In Scripture and in life, joy refuses to fit into a neat and consistent form. Joy is born among us and spills out. While I hunger for a pithy shorthand for joy, I often find instead a deeply rooted contentedness that comes from encountering the Divine.
In October, my wife, Jess, gave birth to our first child, a girl we named Junia. Underneath the sleep deprivation and mysterious language of newborn cries there runs a deep and steady current I can’t quite name but seems to find its source beyond my own capacities.
It is something more than happiness. It is undaunted by pandemics, racism and political turmoil. Is it joy?
Wendell Berry picks up on this current in his poem, “Manifesto: The Mad Farmer Liberation Front.” He urges, “Be joyful though you have considered all the facts.”
Paul’s version of this sentiment shows up in Colossians 1:11-12. He expresses his prayerful hope that the church in Colossae will be “prepared to endure everything with patience, while joyfully giving thanks to the Father, who has enabled you to share in the inheritance of the saints in the light.”
Paul knows true joy is immune to contingencies. Hardship can be endured, and joy still flows. Whatever new injustice today’s news cycle uncovers, whatever burdens we carry with us daily cannot hold back this deep current of joy.
At a glance, this attitude might resemble a pollyannaish denial of reality. Yet this is far from the truth. True joy contains the ingredients to stand up to injustice and oppression. It is the yeast that bubbles up toward liberation. Theologian Gustavo Gutiérrez places joy at the center of facing injustice. He explains:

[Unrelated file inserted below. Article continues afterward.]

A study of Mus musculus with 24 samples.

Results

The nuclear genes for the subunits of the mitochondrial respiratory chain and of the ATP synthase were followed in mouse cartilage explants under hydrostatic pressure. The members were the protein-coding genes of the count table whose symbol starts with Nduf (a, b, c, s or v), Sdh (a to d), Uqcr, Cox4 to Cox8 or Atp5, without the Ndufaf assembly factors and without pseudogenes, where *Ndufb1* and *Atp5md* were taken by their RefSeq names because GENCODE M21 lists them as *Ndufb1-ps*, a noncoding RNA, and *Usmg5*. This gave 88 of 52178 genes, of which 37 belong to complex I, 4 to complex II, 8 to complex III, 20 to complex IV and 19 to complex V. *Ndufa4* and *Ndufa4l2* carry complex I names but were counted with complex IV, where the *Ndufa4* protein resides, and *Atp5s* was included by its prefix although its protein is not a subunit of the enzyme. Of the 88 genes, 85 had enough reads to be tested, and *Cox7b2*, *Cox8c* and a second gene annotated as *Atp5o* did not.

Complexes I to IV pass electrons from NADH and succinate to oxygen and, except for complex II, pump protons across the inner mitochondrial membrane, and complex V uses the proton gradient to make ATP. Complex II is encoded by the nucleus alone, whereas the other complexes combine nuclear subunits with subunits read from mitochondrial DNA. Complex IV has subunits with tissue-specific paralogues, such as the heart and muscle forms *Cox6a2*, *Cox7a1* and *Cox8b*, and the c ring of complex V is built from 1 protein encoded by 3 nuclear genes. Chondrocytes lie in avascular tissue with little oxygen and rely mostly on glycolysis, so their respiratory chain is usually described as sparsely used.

Christian joy is not tied to a particular object but to the experience of God’s unconditional love for us. . . . We can see from the Magnificat that, when Mary rejoices in God, she is also celebrating the liberating action of God in history. Mary rejoices in a God who is faithful to the poor.
God doesn’t work singlehandedly for liberation. Instead, according to Gutiérrez, the joyfulness of our participation with God is what makes it effective: “Our service of others must be wrapped in this joy. Only work embraced with joy truly transforms.”
Gutiérrez claims that without joy our work is in vain. Joy is more than motivation or consolation. It is a building block of God’s shalom. It is a non-negotiable piece of our participation in the mission of God.
On one side, joy is experiential, drawing us to bask in the love God shines on us. On the other side, joy is practical. To cultivate joy is to enable transformation. Joy-making becomes a partner with peacemaking. If we ignore joy, we short-circuit the good work we do toward the goal of peace.
In this season when division and misinformation spread as quickly as the pandemic that weighs heavily upon us, we are jarringly interrupted by Advent — and then by the Christmas celebration of the incarnation’s impossible beauty. The question is not whether we will set aside the troubles of our days to make room for joy. It is whether we will tap into the true joy that begins the work of transformation.
Kevin Chupp is pastor of First Mennonite Church in Aberdeen, Idaho.